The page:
The Collected Writings of Zelda Fitzgerald

The Collected Writings of Zelda Fitzgerald Cover

The Collected Writings of Zelda Fitzgerald

By Zelda Fitzgerald; Matthew J. Bruccoli (Editor); Mary Gordon (Introduction by)

University Alabama Press, Paperback, 9780817308841, 512pp.

Publication Date: March 30, 1997

Description

Zelda Sayre Fitzgerald has long been perceived as thetragic "other half" of the Scott and Zelda legend. Born in Montgomery, Alabama, this southern belle turned flapper was talented in dance, painting, and writing but lived in the shadow of her husband's success. Her writingcan be experienced on its own terms in Matthew Bruccoli's meticulouslyedited "The Collected Writings of Zela Fitzgerald."

The collection includes Zelda's only published novel, "Save Me the Waltz," an autobiographical account of the Fitzgeralds'adventures in Paris and on the Riviera; her celebrated farce, "Scandalabra";eleven short stories; twelve articles; and a selection of letters to herhusband, written over the span of their marriage, that reveals the couple'sloving and turbulent relationship.

Zelda Sayre Fitzgerald has long been an American culturalicon. "The Collected Writings" affirms her place as a writer and asa symbol not only of the Lost Generation but of all generations as shestruggled to define herself through her art.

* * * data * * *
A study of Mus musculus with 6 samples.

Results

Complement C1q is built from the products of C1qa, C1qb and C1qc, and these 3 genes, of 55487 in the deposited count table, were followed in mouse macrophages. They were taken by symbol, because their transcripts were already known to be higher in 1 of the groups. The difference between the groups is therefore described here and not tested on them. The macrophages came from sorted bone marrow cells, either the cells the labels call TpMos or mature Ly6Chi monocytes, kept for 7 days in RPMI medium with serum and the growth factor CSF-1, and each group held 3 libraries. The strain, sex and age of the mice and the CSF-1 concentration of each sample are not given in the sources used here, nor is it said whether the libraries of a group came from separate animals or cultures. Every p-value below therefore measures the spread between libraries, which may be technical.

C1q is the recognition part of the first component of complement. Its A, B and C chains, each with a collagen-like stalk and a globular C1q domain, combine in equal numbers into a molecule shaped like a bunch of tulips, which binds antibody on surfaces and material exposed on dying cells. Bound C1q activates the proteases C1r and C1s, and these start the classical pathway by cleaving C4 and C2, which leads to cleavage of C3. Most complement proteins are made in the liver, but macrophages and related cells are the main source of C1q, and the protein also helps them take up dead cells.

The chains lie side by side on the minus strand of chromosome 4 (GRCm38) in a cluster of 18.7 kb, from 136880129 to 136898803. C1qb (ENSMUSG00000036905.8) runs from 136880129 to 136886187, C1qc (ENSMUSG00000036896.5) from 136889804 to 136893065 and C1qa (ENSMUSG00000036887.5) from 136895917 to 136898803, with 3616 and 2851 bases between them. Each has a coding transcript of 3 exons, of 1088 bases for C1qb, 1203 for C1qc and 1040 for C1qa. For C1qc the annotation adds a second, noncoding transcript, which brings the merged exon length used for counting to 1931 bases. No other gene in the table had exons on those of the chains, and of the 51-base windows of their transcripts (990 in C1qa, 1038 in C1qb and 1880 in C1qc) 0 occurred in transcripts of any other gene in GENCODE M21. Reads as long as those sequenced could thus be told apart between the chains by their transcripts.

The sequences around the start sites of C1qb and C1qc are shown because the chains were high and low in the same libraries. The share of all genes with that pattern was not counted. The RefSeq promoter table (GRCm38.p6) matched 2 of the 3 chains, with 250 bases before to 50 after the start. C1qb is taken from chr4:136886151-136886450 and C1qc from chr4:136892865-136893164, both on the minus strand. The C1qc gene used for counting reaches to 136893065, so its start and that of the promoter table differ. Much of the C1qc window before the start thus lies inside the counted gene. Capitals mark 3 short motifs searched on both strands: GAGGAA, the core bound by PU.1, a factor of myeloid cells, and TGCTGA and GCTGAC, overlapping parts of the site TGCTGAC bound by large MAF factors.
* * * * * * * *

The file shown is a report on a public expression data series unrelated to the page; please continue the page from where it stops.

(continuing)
About the Author
American writer Zelda Sayre Fitzgerald is known as much for her volatile marriage to novelist F. Scott Fitzgerald as she is for her own published work, Save Me the Waltz. Married to Fitzgerald at a young age, Zelda was an icon of the Jazz age, personifying the energy and excess of the Roaring Twenties. As expatriates in Europe, the Fitzgeralds were members of the Lost Generation, socializing with such literary celebrities as Ernest Hemingway and T. S. Eliot. Overshadowed for much of her marriage by her husband s success, Zelda sought to define her own identity through a variety of artistic endeavours including writing, dance, and art. The strain of her turbulent marriage contributed to her admittance to a sanatorium in 1930, at which time she was diagnosed with schizophrenia. Zelda spent the rest of her life in and out of institutions, and finally died tragically in a fire in 1948.

Born in Montgomery, Alabama, in 1900, Zelda Fitzgerald was an American writer and the wife F. Scott Fitzgerald. A novelist, poet, and dancer, she was an icon of the 1920s.

Edmund Wilson (1895-1972) was a novelist, memoirist, playwright, journalist, poet, and editor but it is as a literary critic that he is most highly regarded.
Mary Gordon's most recent novel is "Spending."